Sunday, September 2, 2007

So now it is September

I just had to get out of the house & do some shopping for my daughter whose sneakers fell apart. She also got a coupon from Limited Too for her birthday, so we spent 45 minutes in there agonizing over clothes, stuffed animals, toys & candy.

Then on the way to the shoe store my husband calls to say that they totally lost track of time at home and are just having lunch now (an hour late). This is the day after the wicked low.

And I think to myself, should I ever leave the house? I didn't call at 1 because Matt was home. But he was working and Daniel had a friend over and time just slipped away.

And it wasn't so bad. Daniel was at 73. We do the best we can do.

But later Daniel was sad. Here we are, almost 4 months after dx, and it is the first time I've seen him hang his head since his days at the hospital. His shoulders were hunched over and I could see the weight of diabetes & celiac diagnoses like a physical presence on his spine. Usually he smiles, shrugs, and says, "I'm going to do what I have to do!" Takes it in stride. But last night he was down.

We talked it out, and I reminded him that there is a therapist at Children's Hospital that works with diabetes patients if he feels that talking to me or to his dad or friends isn't enough.
Which he didn't want to do, but he knows it is there if he changes his mind. And by the time he went to bed, he was smiling again. But maybe just for my benefit.

I fell into a deep funk last night. I haven't cried like that for a while about the unfairness of it all, how random and strange it is that this has taken over my son's life, how it has changed our family.

But today I read a blog post by Brett Griswold entitled "Why me? WHY NOT ME?" which really lifted me up. He has an amazing attitude & perspective on life with diabetes.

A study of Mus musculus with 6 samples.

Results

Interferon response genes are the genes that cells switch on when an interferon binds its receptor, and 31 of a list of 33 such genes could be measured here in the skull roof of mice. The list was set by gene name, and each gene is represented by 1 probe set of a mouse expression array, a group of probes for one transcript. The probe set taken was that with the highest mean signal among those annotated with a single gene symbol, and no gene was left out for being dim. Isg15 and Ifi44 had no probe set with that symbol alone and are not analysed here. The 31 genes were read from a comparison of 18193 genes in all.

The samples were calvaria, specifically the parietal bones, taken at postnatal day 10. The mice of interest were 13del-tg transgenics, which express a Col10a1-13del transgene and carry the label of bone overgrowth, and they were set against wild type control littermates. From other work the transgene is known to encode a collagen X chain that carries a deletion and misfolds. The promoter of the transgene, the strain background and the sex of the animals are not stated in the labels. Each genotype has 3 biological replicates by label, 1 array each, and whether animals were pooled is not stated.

I'm so thankful for blogs, this incredible medium, the ability for us to find others who can encourage us with their stories. I carry Daniel's diabetes in my heart every day; his schedule of shots & meals sets an order to the family's day. But there is life to be lived above and beyond this condition. I just need to be reminded every once in a while.

Good news though -- we will be switching to basal/bolus in October. Something new to learn.


Shannon said...

You all are going through a HUGE adjustment right now and will be going through it for some time before you feel like it's all blending in to daily life.

I remember during the first weeks of Brendon's diagnosis wondering how I'll ever get through the day because diabetes was so magnified and focused on constantly. Each day felt like a week. I was aware of every hour of the day because of his eating and testing schedule.

And now we're coming up to 5 years and I wonder how the time flew by so quickly.

This first year will feel like you're walking in quicksand, but soon you'll find yourselves walking on land again.

Naomi said...

Funny, Daniel was only diagnosed in May, but it feels like it has been forever, just like you said. I think that's the nature of the beast, the 24 hr/a day maintenance. I DO have to remember it has only been a short time & give myself a break! :-) Thanks.

Brett Griswold said...


Thank you for the nice comments. You mentioned that you cannot imagine what it is like to have diabetes..while I on the other can't imagine what it is like to have a loved one with it. Your hard work and support will help him.

Naomi said...


I was at my son's back to school night the other night, and under the "concerns" portion of the multiple forms I filled out, I wrote that my biggest concern was his diabetes management, but that diabetes did NOT define him! I don't want to let this disease decide who he is or what he will become. And it is helpful for me to read what you, as a diabetic (and a few years ahead of my son) have to say & how you approach life. Thanks again.